Leon Goodell’s business was helping anglers attract the big catch on the open sea waters.
Out of his shop at his residence on Private Road 4611, he ran Jandell Corporation and supplied fish oil, chum and other fishing accessories to Bass Pro Shops and distributors in Florida.
Sunday evening, that business was lost in a fire. The shop, a truck, fork lift, trailer and all his supplies were destroyed in a blaze that included several explosions as propane tanks ignited.
“I’m not going through that again,” said the 73-year-old Goodell about restarting the business.
Firefighters from Boyd, Paradise, Newark, Rhome, Cottondale and Springtown battled the blaze that was reported at 5:46 p.m.
“The structure was fully involved when we made the scene,” said Boyd Assistant Fire Chief Geary McDonald. “We made an initial attack and knocked it down.”
Firefighters were able to keep the fire from burning less than an acre of grass around the metal building.
They spent three hours and 33 minutes on the fire. That was after many of them were at a structure fire in Rhome earlier in the day.
Goodell said the only two appliances using electricity in the shop were a fan and refrigerator. He was last in the building around 12:30 p.m.
He said his neighbor told him about the fire.
“It probably didn’t go up real quick, but no one saw it,” Goodell said. “My neighbor came over and told me. When I saw it, it was flaming. There was no hope. I was able to move the tractor and that was about all.”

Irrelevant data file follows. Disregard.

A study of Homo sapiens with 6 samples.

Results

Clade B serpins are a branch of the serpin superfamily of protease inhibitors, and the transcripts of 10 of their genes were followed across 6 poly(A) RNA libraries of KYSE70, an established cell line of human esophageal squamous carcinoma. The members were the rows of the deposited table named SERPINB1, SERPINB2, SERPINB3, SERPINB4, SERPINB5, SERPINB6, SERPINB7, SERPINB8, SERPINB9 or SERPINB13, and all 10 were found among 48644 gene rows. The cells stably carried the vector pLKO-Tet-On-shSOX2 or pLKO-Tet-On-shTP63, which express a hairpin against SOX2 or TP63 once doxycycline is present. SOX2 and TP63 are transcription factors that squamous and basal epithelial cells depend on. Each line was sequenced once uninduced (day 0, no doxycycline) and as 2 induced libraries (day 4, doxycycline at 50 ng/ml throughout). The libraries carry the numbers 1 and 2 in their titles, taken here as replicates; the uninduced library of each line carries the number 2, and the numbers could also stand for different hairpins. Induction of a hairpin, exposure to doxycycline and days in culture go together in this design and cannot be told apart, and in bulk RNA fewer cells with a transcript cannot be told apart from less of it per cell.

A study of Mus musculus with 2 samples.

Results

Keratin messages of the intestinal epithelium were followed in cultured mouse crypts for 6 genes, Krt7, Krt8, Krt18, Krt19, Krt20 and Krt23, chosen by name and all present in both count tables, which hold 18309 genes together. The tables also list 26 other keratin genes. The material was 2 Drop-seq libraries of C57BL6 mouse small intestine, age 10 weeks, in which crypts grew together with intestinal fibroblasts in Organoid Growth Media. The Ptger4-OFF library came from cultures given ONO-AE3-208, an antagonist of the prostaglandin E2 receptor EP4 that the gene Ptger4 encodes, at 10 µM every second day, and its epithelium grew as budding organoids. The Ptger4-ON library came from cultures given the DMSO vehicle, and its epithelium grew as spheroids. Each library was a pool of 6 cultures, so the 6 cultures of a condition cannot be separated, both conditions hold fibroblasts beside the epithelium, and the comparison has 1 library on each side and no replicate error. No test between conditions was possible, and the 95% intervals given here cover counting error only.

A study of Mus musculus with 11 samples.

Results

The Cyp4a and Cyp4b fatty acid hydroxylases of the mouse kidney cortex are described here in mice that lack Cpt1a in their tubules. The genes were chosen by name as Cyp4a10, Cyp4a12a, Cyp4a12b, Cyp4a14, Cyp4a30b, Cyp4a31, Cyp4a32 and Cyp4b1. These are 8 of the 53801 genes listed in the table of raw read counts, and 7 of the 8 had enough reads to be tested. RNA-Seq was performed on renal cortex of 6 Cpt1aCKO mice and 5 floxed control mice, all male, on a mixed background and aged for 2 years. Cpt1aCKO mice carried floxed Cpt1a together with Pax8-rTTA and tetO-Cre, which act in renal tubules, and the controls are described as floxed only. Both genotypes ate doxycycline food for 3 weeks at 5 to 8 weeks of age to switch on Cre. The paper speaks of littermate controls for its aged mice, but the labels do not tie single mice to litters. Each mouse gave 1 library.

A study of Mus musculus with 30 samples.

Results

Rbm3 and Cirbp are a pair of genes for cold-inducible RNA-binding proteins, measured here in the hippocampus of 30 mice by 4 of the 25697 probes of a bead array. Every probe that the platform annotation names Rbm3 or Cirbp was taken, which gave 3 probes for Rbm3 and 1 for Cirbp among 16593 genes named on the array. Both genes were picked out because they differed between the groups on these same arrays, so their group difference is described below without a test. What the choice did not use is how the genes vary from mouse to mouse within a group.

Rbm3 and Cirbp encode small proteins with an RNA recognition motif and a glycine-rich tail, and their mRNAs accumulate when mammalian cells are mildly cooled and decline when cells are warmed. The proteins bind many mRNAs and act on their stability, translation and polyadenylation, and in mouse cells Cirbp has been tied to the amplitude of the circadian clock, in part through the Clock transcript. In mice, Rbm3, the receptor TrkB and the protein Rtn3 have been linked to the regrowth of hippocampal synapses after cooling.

Goodell bought fish oil in bulk and bottled it in gallons, half gallons and quarts, then sold it to his distributors for anglers to use to make chum. He also made it himself for distribution along with chum dispensers.
He had been in business for 10 years, with Bass Pro Shops, the Springfield, Mo., outdoors giant, becoming one of his biggest customers.
“We have a contract with Bass Pro, and they give us an order every two weeks,” Goodell said. “I’ve got an order in my office that is supposed to be shipped this coming Friday. I don’t know what they are going to do. They will probably cause me all kinds of grief because I can’t fill that order.
“One of our biggest customers in Florida buys it by the pallet load.”
Goodell filled his tanks with 6,000 gallons of fish oil in the past two weeks.
Saturday and Sunday, he worked from 2 a.m. to noon to fill orders.
“With gallon bottles with six in a box, I had four big pallets ready that I was going to ship tomorrow,” he said.
Hot and tired at 12:30 p.m., he left the truck that he had unloaded pallets from in the morning parked next to the shop. It was lost in the fire along with a fork lift that he had owned for a month.
Upon delivery of his remaining supply of fish oil, Goodell was considering selling or closing the business. The fire brought it to a close a month earlier.
“When I got the last order of oil, I said this is the last truck load that I’m going to buy,” he said. “I was going to notify Bass Pro this fall that I’m going to be out of business.”